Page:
Summer weather safety week places emphasis on older adults


"Heat is one of the leading weather-related killers in the U.S., resulting in hundreds of fatalities each year and even more heat-related illnesses," the National Weather Service website said. 

The Centers for Disease Control and Prevention said older adults (people aged 65 or older) are more prone to heat stress than younger people because older people do not adjust as well to sudden changes in temperature, are more likely to have a chronic medical condition that changes the bodies' normal responses to heat, and are more likely to take prescription medicine that impairs the body's ability to regulate its temperature. 

"The elderly are often the most vulnerable to severe heat," said Jeff Huber, president of Home Instead, Inc, "Their bodies do not adjust as well as young people to sudden changes in temperature, they are more likely to have a chronic medical condition that changes normal body responses to heat and they are often on a prescription medicine that impairs the body's ability to regulate its temperature or that inhibits perspiration."

The CDC outline's three heat-related illnesses and recommended treatment for them.

Heat cramps may be the first sign of heat-related illness. The symptoms are painful muscle cramps usually in the legs or abdomen and heavy sweating. The CDC recommends applying firm pressure on the muscle cramps to relieve the spasm, and to drink water.

Heat exhaustion is the second. Some symptoms of heat exhaustion are heavy sweating, weakness, paler skin, fast or weak pulse, dizziness, nausea, or vomiting. The CDC recommends moving the person to a cooler environment, laying the person down, applying cool cloths. The CDC said to immediately seek medical attention if the person vomits.

The CDC said heat stroke is the most serious. Symptoms of heat stroke are throbbing headache, confusion, nausea, dizziness, shallow breathing, altered mental state, body temperature above 103 degrees Fahrenheit, rapid or strong pulse, and fainting. The CDC said to call 911 immediately because heat stroke is a severe medical emergency. It also recommends moving the person to a cooler environment to reduce body temperature.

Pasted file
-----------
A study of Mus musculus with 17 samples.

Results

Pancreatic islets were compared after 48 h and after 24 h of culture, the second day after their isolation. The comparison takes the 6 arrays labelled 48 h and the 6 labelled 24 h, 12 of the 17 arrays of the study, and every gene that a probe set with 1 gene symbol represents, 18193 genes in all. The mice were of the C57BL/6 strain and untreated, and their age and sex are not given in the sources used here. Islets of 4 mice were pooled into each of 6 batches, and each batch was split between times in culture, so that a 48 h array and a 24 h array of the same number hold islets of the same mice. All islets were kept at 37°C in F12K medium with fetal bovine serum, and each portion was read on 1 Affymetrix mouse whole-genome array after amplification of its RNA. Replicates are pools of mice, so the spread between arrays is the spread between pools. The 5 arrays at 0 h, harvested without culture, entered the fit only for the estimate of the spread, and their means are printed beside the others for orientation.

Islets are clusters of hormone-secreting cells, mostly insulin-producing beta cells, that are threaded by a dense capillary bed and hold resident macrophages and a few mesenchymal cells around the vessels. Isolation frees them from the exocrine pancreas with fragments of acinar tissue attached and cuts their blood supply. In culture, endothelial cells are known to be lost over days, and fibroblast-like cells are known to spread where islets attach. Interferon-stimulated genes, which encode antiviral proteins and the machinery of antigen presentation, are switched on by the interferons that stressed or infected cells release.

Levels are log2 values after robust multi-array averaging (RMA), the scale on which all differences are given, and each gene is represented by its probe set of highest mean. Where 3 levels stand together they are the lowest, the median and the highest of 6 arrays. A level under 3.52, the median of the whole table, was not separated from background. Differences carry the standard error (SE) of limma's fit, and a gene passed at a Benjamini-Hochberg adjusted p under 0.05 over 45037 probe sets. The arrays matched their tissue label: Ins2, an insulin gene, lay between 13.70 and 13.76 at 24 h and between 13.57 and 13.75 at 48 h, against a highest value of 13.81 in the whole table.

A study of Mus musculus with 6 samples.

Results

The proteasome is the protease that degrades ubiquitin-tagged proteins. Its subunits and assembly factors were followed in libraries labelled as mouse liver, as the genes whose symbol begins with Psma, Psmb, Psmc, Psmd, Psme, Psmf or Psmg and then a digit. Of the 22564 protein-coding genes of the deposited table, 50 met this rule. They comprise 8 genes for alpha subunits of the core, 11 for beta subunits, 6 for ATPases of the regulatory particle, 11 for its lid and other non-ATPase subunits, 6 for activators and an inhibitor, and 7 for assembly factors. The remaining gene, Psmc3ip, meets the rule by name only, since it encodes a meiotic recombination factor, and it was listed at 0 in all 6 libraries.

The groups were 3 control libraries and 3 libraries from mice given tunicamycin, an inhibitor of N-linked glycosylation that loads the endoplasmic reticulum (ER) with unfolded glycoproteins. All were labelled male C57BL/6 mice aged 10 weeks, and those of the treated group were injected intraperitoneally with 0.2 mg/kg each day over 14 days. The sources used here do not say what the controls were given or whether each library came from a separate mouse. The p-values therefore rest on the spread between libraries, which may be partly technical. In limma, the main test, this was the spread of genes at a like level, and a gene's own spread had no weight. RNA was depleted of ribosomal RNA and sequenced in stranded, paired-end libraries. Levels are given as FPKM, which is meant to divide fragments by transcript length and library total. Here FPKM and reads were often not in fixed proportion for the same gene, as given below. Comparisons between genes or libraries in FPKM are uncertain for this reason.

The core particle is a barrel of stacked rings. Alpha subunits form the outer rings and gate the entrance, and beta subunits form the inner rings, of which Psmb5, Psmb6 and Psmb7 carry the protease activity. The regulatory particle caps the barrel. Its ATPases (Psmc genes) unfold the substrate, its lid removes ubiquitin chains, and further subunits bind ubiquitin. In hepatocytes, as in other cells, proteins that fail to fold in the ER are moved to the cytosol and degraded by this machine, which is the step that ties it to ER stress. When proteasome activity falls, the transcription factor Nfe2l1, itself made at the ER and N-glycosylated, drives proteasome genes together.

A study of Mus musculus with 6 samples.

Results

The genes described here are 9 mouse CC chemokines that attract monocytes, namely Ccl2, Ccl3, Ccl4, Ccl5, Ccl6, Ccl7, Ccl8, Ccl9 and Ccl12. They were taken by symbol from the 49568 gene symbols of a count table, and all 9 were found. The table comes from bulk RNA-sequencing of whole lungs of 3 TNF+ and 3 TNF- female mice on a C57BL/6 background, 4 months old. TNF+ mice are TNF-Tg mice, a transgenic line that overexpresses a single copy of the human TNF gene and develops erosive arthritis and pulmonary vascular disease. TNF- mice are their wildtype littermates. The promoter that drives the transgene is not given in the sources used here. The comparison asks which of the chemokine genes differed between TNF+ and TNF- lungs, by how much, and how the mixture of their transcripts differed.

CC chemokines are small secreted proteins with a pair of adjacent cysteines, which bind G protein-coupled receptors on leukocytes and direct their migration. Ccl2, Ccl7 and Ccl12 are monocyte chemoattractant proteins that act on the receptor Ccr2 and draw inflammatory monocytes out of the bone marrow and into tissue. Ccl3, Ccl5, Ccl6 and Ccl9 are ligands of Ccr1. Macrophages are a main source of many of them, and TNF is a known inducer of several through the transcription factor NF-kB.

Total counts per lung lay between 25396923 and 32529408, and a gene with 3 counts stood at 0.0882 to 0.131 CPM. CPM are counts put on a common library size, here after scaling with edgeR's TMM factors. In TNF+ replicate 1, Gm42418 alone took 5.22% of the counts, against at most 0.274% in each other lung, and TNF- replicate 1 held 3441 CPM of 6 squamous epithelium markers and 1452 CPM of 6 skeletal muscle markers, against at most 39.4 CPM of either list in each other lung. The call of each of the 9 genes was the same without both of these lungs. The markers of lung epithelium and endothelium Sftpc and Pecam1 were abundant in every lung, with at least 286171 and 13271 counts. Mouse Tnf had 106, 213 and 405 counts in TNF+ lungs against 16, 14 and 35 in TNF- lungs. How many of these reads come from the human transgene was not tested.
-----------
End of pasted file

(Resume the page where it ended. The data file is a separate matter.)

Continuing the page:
The CDC said people can protect themselves by following these steps:

  1. Drink cool, nonalcoholic beverages. (If your doctor generally limits the amount of fluid you drink or has you on water pills, ask him how much you should drink when the weather is hot. Also, avoid extremely cold liquids because they can cause cramps.)
  2. Rest.
  3. Take a cool shower, bath, or sponge bath.
  4. If possible, seek an air-conditioned environment. (If you don't have air conditioning, consider visiting an air-conditioned shopping mall or public library to cool off.)
  5. Wear lightweight clothing.
  6. If possible, remain indoors in the heat of the day.
  7. Do not engage in strenuous activities.
The CDC also said people can help protect older loved ones by visiting their loved ones at least twice a day and checking for sign of heat exhaustion. They can also encourage loved ones to drink more fluids throughout the day.